Tiger still at large, but fresh pug marks found

Image of wild animal captured by camera trap; combing to continue

The tiger that is suspected to have killed a man in the Gopalswamy Betta Range of Bandipur early this week, remained elusive even after two days of combing operations on Thursday.

However, efforts were not entirely in vain as the teams scouring the area stumbled upon fresh pug marks in the area where the body of the farmer was discovered on Tuesday. An image of a tiger has also been captured by one of the camera traps set up in the vicinity, lending credence to the theory that the tiger could be prowling around that area. More than 100 pairs of camera traps have been set up along the forest periphery and within a 2-km radius of the spot where the farmer was killed.

Six elephants, led by Abhimanyu, were deployed for combing operations at Gopalswamy, Jayaprakash, Rohit, Ganesha, and Parthasarthy, while a drone is providing an aerial view.

There are 150 Forest Department staff involved in the combing operations, with five veterinarians armed with dart guns and tranquilizers. Based on pug marks found, combing is concentrated around a radius of 1 km to 2 km of Chowdahalli village.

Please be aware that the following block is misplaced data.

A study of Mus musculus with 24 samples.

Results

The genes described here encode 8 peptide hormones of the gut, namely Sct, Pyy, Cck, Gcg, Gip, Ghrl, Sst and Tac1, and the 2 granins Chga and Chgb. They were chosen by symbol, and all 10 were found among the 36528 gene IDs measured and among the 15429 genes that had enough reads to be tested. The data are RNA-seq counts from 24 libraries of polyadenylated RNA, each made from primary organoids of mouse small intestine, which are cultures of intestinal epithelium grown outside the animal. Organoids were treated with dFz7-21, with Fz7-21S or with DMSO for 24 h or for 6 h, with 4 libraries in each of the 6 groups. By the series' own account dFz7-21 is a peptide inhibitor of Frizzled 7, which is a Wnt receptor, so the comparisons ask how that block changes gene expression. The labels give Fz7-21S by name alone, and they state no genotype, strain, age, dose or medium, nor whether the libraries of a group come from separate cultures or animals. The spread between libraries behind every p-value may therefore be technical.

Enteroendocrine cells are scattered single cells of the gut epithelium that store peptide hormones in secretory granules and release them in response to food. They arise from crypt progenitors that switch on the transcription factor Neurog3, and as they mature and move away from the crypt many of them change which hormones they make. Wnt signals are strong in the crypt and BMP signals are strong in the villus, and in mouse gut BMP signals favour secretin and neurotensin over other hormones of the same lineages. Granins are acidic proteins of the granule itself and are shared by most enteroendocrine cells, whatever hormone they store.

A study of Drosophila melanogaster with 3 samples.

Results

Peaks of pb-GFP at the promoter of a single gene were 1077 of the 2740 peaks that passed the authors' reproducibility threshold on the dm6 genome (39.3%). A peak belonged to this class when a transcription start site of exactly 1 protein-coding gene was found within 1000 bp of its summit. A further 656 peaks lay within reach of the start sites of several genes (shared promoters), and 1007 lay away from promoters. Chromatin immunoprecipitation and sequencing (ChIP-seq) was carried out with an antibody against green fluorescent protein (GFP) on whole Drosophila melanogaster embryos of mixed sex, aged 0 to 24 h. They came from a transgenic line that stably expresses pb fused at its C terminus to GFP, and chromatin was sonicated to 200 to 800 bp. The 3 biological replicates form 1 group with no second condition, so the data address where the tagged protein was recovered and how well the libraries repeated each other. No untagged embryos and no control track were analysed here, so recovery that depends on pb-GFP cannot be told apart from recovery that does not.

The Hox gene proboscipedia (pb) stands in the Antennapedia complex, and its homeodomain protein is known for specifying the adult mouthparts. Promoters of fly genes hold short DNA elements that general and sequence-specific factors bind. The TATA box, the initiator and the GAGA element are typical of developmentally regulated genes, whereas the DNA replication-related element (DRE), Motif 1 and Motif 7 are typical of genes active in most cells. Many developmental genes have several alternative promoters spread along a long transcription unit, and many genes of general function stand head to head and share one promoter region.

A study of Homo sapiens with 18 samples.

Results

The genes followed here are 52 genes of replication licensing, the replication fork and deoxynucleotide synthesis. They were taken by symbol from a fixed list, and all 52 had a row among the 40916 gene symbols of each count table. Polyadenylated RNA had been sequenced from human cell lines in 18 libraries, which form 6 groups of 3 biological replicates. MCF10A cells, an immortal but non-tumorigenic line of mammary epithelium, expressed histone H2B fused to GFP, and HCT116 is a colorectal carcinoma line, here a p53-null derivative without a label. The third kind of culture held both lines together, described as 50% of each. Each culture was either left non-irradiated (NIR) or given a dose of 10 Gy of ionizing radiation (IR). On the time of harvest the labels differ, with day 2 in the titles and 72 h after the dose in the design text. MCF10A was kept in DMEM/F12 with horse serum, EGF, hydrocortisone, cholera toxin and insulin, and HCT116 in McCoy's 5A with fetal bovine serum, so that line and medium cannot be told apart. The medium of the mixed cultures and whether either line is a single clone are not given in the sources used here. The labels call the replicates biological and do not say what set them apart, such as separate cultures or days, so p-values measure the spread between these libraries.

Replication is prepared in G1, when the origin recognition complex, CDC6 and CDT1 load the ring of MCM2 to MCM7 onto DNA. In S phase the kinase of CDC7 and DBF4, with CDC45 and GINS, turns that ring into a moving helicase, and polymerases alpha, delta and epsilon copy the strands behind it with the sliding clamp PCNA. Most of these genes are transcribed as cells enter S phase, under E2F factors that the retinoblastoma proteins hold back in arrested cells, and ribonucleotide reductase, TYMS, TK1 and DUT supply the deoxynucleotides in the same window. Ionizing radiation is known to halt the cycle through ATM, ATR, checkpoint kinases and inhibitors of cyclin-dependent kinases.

The camera trap images have triggered speculation that the tiger could be around four years, healthy, and may have been ejected out of its territory by a dominant male. That 14 heads of cattle have been killed in tiger attacks reinforces the view that the tiger may be trying to establish its territory along the forest fringes, close to human habitation. Bandipur has one of the highest tiger densities in the world and the 874 sq km forest supports not less than 130 tigers.

Ravi Parameshwarappa, member secretary, Zoo Authority of Karnataka, who has taken part in many such operations in the past, said once pug marks are spotted, the area where the tiger tends to be ensconced will be within a 1-km radius of the trail left behind by it. Since tigers and elephants share the same landscape,Chances of finding the elusive tiger is high with kumki elephants accompanying them, as they can better negotiate thickets of lantana and bushes than vehicles. An official who was part of the combing operation said there were large stretches of terrain which could only be negotiated by elephants. combing operations of the entire area around Chowdahalli-Hundipura village will resume from 6 a.m. on Friday.